As St. Cloud State approaches the 2012-2013 school year, projections are that the university will continue its trend of welcoming growing numbers of students of color, including Black or African American students. In the last decade, enrollment of Black or African American students has increased at St. Cloud State from 173 total students in 2000 to 842 in the fall of 2011. This has been a gradual, purposeful growth as SCSU has sought to enhance the diversity of its student body to reflect the population of Minnesota.
In a recent Spokesman-Recorder, a commentator implied that while the university attracts growing numbers of Black students, only a small percentage of those enrolled will successfully reach graduation. That statement is false, as we have informed you previously.
In fact, we provided extensive information to show that the “facts” presented by the writer are most often knowingly and intentionally incorrect. I appreciate that you do not have the staff to do fact checking in pieces submitted to you. However, in this case you have easy access to our staff, and the writer has an established pattern of misrepresentation.
When analyzing graduation rates for any segment of the student population, it’s important to calculate the rate using the correct comparisons. In 2005, 49 new Black students entered St. Cloud State, and 16 of those students had completed their degrees at St. Cloud State six years later, the national standard for degree completion comparisons.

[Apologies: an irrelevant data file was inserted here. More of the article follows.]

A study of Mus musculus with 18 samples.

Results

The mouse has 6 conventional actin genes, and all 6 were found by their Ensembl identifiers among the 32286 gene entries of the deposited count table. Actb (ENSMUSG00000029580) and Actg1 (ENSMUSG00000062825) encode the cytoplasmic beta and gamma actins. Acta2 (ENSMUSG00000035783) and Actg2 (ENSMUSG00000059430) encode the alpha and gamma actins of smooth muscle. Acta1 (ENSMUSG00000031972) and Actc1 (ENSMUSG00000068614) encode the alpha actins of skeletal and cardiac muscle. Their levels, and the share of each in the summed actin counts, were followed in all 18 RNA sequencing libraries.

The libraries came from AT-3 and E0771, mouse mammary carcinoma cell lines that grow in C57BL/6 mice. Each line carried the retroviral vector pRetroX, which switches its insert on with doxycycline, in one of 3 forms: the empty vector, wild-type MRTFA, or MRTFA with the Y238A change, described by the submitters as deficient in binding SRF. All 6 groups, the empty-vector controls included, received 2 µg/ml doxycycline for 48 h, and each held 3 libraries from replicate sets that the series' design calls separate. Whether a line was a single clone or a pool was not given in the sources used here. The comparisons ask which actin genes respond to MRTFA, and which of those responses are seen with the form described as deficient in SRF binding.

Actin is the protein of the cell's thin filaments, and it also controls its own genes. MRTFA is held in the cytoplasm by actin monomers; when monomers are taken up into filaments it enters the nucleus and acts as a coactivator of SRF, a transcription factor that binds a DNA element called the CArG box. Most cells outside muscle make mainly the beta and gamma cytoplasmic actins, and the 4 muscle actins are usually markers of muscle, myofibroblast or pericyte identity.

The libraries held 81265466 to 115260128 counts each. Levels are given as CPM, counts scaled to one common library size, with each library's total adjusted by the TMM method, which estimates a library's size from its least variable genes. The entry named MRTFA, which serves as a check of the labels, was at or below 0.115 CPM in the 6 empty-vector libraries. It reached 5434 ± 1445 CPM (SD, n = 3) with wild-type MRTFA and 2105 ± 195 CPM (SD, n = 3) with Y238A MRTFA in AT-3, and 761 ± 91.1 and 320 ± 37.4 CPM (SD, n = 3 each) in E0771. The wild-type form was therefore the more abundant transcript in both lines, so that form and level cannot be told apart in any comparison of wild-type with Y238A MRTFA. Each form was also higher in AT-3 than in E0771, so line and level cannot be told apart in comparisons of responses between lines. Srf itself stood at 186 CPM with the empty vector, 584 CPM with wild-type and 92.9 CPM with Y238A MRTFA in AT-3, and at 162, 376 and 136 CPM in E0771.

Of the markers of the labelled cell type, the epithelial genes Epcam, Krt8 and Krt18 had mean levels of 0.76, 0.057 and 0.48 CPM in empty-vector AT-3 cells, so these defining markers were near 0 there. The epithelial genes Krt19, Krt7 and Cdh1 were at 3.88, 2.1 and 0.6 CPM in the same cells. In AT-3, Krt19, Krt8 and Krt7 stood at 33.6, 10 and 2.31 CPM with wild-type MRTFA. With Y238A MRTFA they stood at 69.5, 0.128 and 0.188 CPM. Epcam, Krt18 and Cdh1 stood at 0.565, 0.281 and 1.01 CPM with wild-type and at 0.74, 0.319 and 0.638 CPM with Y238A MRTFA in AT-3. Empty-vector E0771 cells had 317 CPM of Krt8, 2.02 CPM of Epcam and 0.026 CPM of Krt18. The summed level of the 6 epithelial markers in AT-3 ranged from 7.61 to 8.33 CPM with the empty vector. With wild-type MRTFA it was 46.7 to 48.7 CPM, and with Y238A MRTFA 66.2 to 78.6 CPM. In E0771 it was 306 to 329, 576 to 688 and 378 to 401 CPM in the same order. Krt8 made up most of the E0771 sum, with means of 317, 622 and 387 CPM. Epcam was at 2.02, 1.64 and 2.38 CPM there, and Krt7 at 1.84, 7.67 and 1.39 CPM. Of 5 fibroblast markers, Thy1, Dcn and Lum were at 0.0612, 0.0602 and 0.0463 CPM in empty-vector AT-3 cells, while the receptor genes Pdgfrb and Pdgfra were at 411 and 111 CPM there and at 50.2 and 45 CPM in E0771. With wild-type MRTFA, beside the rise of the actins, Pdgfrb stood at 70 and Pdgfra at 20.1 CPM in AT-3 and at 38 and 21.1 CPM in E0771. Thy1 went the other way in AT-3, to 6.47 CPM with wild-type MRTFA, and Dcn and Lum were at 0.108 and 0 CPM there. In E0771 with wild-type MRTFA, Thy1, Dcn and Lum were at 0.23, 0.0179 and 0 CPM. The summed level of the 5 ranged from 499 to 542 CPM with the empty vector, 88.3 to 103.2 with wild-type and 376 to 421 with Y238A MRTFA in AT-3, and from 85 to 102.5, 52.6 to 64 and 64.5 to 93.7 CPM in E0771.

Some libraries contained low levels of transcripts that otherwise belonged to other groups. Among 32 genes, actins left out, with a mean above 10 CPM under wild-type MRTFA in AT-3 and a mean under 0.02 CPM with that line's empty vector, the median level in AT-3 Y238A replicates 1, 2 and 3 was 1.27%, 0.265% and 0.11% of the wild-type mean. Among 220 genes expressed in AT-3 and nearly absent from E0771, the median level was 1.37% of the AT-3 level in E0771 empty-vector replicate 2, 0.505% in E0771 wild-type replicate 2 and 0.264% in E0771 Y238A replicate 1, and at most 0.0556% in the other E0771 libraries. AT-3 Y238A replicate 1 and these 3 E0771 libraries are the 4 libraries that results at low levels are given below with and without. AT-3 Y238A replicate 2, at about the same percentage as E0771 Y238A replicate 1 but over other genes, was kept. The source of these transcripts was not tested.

The Spokesman-Recorder has repeatedly published outcome information that violates the only valid approach to talking about student success, i.e., of the cohort that starts, how many graduate six years later. The calculation of graduation rates of Black students at the university as reported in the Spokesman-Recorder has been based on a comparison, for example, not with the group of 49 new Black students who entered in the fall of 2005, but by the total number of Black students enrolled at St. Cloud State in that fall, i.e., 303.
The correct approach yields a graduation rate of 33 percent. The false approach yields a rate of five percent.
Overall, St. Cloud State has had a 35 percent six-year graduation rate for Black students over the last six years for which data are available, beginning with rates for the class enrolled in 2000. According to the most recent statistics available for the university’s six-year graduation rates, the overall graduation rate is 48 percent for all students during this period of time.
While a gap remains between graduation rates of the majority population and that of Black or African American students, the university is committed to continuing to close this gap. We would be happy to share our work on this commitment at your request.
Earl H. Potter III
President, St. Cloud State University
Editor’s note: This letter responds to reader commentary published on the MSR’s editorial page, not to information in any published news stories.